The Times news website cited a Whitehall document that said imports of natural gas from Norway could be cut in half next winter amid surging European Union (EU) demand. The U.K. takes around half of its total supply from the Scandinavian country.
Shipments of liquefied natural gas from major producers such as the United States and Qatar could also be cut in half this winter, the report further stated.
The document also stated that Britain will receive no imports of gas from interconnectors in the Netherlands and Belgium as they face their own emergencies.
Earlier this month, the U.K.'s Office of Gas and Electricity Markets (Ofgem) warned of a likely energy price cap increase "in the region of £2,800 ($3,496)."
The Whitehall officials have drawn up a plan for the winter to prepare for a worst-case scenario. This could lead to the rationing of electricity for up to six million homes at the start of 2023, should Russia start to stop gas supply to the continent.
The U.K. vowed to end the importation of Russian oil by the end of the year, but is now seeking to bolster its electricity supply by extending the life of its coal and aging nuclear power stations.
In connection to this, the Somerset nuclear power plant Hinkley Point B could be extended by 18 months, despite plans to decommission the 50-year-old facility this summer.
The paper further explains that heavy industrial facilities could be told to stop using gas, while U.K. gas-fired power plants could be closed in order to preserve limited supplies. (Related: Renewables put Europe’s electrical energy at the mercy of Russia.)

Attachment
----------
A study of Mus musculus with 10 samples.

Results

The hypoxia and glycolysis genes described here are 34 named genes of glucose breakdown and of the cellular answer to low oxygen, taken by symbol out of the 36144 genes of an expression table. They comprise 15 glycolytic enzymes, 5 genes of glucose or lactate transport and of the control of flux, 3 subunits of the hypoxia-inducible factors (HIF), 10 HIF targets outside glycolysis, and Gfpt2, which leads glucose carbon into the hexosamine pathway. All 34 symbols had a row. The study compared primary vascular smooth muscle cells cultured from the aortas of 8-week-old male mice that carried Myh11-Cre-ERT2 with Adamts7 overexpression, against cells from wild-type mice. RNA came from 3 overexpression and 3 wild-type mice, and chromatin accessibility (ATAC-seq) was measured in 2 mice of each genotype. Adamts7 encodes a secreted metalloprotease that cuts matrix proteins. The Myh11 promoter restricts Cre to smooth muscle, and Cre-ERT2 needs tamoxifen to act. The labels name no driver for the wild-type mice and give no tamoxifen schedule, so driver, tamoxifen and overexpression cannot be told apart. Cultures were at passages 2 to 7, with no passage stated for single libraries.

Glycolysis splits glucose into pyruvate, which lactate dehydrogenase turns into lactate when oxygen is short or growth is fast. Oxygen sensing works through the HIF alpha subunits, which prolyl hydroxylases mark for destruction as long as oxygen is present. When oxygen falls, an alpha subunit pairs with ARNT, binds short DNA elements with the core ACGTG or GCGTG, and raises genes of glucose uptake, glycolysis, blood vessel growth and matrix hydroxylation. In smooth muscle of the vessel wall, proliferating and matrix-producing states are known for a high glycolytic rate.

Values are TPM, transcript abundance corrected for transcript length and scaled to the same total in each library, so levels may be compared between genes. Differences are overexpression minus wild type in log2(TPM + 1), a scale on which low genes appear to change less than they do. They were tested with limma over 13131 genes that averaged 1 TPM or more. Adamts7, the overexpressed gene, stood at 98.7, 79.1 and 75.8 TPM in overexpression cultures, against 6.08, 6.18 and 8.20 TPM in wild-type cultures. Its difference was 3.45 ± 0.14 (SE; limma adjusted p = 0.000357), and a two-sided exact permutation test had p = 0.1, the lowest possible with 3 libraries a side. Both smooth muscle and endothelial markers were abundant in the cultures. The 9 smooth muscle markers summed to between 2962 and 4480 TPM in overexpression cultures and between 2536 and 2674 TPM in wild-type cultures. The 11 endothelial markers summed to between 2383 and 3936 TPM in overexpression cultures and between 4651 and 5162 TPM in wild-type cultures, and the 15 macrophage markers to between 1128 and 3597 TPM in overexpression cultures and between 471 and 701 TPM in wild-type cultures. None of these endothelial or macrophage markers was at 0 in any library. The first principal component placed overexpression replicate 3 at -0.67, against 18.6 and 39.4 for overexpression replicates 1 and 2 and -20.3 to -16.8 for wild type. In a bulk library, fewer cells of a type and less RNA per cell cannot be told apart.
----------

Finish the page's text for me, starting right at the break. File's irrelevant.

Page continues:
This will reportedly result in electricity shortages and British households being subjected to blackouts during peak times on weekday mornings and evenings.
If Russia cuts supplies of natural gas to the EU entirely, blackouts could last for three months starting in December, and occur on both weekdays and weekends, the report said.
Despite the looming energy crisis and the imminent cold winter due to blackouts, the U.K. has announced in May another sanction against the Russian airline sector.
The state-owned Aeroflot, Russia’s largest airline, Ural Airlines and Rossiya Airlines are now unable to sell their unused, lucrative landing slots at the U.K. airports.
"As long as Putin continues his assault on Ukraine, we will continue to target the Russian economy. We've already closed our airspace to Russian airlines," Foreign Secretary Liz Truss said
"The UK was one of the first nations to implement sanctions on Putin and his allies; we forbade entrance to their ships and planes, strangling them of the privilege to benefit from global trade and commerce," Transport Secretary Grant Shapps added.
International sanctions against Russia led to several weapons manufacturers having to suspend their activity due to a lack of parts. Defense company capabilities have been restricted, limiting Russia's ability to replace advanced technology, including drones. Russia's domestic vehicle sales have also dropped by 80 percent partly due to a lack of components.
In May, medical aid donations from the U.K. to Ukraine reached more than 11 million items.
"New ambulances, fire engines, funding for health experts and life-saving medical supplies are being donated to Ukraine as part of the U.K.'s continued steadfast solidarity with the country," U.K. Prime Minister Boris Johnson said in April.